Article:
While bearing weight (backpack for example) or just walking sometimes, something in my right hip feels like it slips out of place, then a sharp pain shoots down my leg. The sharp pain usually only lasts a few seconds to a couple minutes; however, it is very common to have a general ache for a while (few hours to couple days) after a "slip". When it is bothering me (2-3 days/wk), I can have weird numb/tingling feelings all down my right leg and dull achy pain in my hip joint. It has not really been severe enough to warrant taking pain meds...but I don't really like medicines. When I was younger (age 8-10 ish) I remember my parents getting on to me about laying with my feel pointed inward toward each other when I slept. I am only slighly pigeon-toed now with no externally visual twisting....but to walk completely straight I have to consciously be aware of which direction my feet are pointing.  An x-ray showed nothing of structural concern in the area of my right hip.....could this be a tendon/ligament issue? Any suggestions would be greatly appreciated!

Your symptoms are suggective of sciatica. Sciatica is a set of symptoms including pain that may be caused by general compression and/or irritation of one of five nerve roots that give rise to the sciatic nerve, or by compression or irritation of the sciatic nerve itself. The pain is felt in the lower back, buttock, and/or various parts of the leg and foot. In addition to pain, which is sometimes severe, there may be numbness, muscular weakness, and difficulty in moving or controlling the leg. Typically, the symptoms are only felt on one side of the body.

Diagnosis can be confirmed by MR neurography.

Otjher possibilities are Dehydration or low amounts of potassium, sodium, calcium, or magnesium in the blood, muscle fatigue or strain from overuse, too much exercise, or holding a muscle in the same position for a long time, strain, stress fracture, tendonitis, claudication, osteomyelitis,osteoarthritis and Benign tumors or cysts of the femur or tibia and osteosarcoma.

I suggest you to discuss these possibilities with your doctor.

Hope it helps.Take care and pls do keep me posted in case of any additional queries.

488264 tn?1226523907
You are doing the right thing being concerned about this now.  Any abnormality will come back to haunt you later in life, as osteoarthritis tends to hone in on areas of excessive use or weakness.  What I am saying is that a minor problem now could be a big issue 15 or so years down the line, unless you work on it.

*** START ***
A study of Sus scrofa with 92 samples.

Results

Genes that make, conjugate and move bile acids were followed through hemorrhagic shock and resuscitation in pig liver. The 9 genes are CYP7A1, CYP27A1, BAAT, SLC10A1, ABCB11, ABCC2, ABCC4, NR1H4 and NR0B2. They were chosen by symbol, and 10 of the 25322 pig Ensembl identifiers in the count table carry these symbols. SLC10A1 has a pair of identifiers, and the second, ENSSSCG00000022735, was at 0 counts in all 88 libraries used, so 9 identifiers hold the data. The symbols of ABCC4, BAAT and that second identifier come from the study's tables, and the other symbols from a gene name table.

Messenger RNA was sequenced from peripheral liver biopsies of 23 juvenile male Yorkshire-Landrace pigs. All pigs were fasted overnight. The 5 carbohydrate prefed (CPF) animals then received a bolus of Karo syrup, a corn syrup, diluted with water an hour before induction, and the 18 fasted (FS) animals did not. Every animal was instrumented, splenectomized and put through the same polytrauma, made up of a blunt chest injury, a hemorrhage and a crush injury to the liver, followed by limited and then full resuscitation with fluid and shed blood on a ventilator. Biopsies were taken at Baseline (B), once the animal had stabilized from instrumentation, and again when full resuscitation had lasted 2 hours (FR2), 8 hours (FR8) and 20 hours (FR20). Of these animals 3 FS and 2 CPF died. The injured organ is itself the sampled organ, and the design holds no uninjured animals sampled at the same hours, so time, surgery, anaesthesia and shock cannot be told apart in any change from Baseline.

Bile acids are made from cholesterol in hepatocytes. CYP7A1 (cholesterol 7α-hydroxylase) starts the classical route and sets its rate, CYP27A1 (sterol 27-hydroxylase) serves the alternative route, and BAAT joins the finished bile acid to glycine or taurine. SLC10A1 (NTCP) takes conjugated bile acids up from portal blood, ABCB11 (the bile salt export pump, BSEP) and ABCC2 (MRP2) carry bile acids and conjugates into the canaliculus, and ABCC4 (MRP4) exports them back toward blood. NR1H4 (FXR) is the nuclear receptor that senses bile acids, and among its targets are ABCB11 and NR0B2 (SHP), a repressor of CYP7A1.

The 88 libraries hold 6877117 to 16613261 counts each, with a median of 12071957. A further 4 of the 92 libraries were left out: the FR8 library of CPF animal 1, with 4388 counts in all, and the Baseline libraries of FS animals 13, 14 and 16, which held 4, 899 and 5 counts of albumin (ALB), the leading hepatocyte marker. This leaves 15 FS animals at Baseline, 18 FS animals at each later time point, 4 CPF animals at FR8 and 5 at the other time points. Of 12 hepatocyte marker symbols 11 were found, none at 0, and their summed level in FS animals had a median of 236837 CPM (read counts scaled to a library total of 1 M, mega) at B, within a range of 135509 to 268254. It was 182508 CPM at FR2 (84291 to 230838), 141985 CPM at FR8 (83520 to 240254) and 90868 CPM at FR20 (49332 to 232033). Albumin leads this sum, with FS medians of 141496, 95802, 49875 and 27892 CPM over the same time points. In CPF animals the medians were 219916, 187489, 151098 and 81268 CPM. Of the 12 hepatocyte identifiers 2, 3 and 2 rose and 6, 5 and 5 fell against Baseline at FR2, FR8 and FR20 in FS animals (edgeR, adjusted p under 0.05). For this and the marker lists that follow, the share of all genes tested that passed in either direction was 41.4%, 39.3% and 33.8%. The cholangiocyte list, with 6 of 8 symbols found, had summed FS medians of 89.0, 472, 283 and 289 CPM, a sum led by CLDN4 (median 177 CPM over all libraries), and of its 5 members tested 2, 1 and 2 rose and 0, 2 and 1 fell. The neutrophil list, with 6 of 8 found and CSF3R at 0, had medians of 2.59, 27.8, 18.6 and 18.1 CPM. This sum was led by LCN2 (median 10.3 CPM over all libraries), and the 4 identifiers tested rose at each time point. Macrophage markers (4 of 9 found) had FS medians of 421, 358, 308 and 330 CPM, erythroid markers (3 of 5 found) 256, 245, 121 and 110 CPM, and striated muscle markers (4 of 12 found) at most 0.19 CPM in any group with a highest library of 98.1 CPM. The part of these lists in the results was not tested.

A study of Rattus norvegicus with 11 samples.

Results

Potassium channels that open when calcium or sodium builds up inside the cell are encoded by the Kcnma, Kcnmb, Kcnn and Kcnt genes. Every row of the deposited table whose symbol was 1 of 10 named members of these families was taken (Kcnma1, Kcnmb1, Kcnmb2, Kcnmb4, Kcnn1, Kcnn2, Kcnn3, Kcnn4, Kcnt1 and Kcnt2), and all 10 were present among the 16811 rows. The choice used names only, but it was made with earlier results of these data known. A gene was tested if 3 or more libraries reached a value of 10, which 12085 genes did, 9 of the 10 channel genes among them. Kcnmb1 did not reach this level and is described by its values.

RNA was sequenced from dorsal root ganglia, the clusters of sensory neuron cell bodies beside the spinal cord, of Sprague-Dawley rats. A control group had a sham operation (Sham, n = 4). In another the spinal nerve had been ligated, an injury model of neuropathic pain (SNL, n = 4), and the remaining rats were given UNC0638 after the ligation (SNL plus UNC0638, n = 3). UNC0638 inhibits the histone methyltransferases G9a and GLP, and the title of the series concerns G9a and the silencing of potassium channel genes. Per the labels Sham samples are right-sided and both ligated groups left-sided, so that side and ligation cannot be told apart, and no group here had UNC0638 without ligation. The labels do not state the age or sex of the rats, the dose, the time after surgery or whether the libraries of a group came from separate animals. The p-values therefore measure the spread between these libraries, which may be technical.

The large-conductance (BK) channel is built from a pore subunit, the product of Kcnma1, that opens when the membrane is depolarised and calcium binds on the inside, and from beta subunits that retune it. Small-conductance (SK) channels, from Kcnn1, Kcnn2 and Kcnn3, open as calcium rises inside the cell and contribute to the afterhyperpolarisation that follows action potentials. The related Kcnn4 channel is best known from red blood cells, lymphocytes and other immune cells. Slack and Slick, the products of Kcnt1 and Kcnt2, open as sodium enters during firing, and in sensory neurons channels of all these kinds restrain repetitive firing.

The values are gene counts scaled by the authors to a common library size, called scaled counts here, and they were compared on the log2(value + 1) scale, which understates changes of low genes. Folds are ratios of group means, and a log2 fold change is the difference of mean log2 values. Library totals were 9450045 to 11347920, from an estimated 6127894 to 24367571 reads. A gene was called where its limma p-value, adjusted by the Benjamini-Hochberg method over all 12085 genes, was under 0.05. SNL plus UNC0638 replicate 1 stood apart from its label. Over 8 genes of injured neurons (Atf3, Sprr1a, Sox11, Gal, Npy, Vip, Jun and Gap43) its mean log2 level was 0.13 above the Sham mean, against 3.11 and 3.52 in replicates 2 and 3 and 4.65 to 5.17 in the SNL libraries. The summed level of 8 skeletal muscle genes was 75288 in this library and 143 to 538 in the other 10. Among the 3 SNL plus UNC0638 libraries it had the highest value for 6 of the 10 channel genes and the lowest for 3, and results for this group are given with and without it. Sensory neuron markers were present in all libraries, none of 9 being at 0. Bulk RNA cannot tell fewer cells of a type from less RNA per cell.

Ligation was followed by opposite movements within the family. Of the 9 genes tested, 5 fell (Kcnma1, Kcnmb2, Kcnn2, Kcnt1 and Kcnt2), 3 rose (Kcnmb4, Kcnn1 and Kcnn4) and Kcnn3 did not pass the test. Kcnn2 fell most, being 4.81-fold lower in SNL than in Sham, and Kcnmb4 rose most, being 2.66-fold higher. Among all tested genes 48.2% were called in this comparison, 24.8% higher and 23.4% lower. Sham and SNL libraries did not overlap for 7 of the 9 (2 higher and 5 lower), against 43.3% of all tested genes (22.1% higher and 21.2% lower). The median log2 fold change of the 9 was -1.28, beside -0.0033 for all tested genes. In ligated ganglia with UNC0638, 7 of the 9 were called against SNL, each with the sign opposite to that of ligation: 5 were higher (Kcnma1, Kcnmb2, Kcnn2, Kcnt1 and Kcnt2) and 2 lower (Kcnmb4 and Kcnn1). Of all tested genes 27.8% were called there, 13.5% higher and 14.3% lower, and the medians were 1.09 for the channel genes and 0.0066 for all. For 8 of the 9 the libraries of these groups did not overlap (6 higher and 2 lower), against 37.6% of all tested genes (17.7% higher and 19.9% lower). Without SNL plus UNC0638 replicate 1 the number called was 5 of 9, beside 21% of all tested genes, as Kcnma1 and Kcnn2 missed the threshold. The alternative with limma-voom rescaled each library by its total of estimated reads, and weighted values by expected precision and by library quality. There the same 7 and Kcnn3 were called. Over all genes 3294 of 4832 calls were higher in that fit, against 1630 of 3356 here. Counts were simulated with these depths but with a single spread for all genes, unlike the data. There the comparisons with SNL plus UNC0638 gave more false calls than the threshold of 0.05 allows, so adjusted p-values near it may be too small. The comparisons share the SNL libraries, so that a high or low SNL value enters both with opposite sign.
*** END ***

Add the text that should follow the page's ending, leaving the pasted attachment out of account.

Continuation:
The problem with hip pain is it means different things to different people.  You talk about the tingling in your leg, and aching in your hip joint, but where do you mean by this.  Many people think hip pain is pain in the sides of the pelvis, others may have pain in the groin, where is the pain?

Hip pain, be it groin or sides, may not mean pathology in the hip.  There may be something going on with your back.  As you are prone to twisting your legs inwards this could also be from a back problem, such as a curvature or the spines (scoliosis).  This may lead to one leg being 'shorter' that the other, as the body is not straight.

An MRI at the very least of your lumbar spine, ideally your whole spine, would give useful information.  Or at the very least an x-ray.

I would then suggest taking the fndings to an orthopedic doctor and a physiotherapist.  Osteopaths are also very knowledgeable in this area.  A good physio will work with you to devise a programme of excercises to try to undo the inward twist of your legs, which may be what is putting pressure on the nerves.  You are very young, but the possibility of nerve irritation in the spine can still be a factor, especially if you have had trauma such as a fall in your life, or there may be a congenital problem (from birth).

I speak from personal experience, but you are not me, and cannot have the same problems.  I had occasional hip (groin) pain at about your age, along with severe leg pain, and after the briefest of consultations with a privated physhiotherapist, who recommended no further assessment, saying my range of movement was good, just let it be.  I was extremely fit, a distance runner, fitness instructor, climber, martial arts performer, the works.  I am now just into my forties, and over the last few years the deterioration has been dramatic.  I now walk with a cane.  I have some osteoarthritis, but the degree of disability is extreme.  Spinal MRIs showed a scoliosis, some lesions which are not very common (so don't worry), and a pelvic MRI showed inflammation in most of the major muscle groups, such that I now need steroid injections and am waiting to see a rheumatologist.  I take morphine daily just to move.

I am NOT saying this will be your future, every person is different.  But part of me thinks that had my mild symptoms been taken more seriously in my twenties maybe earlier intervention could have helped.  I think I put off my disability with my commitment to exercise, but no physiotherapist ever sat down with me and gave me a tailor made programme.  Now they have.

One other thing, excercising in water is great for any joint problems, the water takes the strain off you carrying your body weight and offered resistance, along with forcing you to engage your abdominal core muscles to balance.  If you can get some hydrotherapy sessions with an exercise programme, that may work wonders.

Didn't mean to scare you with my story, just encouraging you to get on top of this while you are still young, which it seems you are considering anyway.  And yes, stay away from the painkillers.  They will take you down a very negative and unhelpful route.  A significant proportion of the problems I now have are from my medications.  But I am now too dependant on them to easily try another route.  Very much the bane of my life.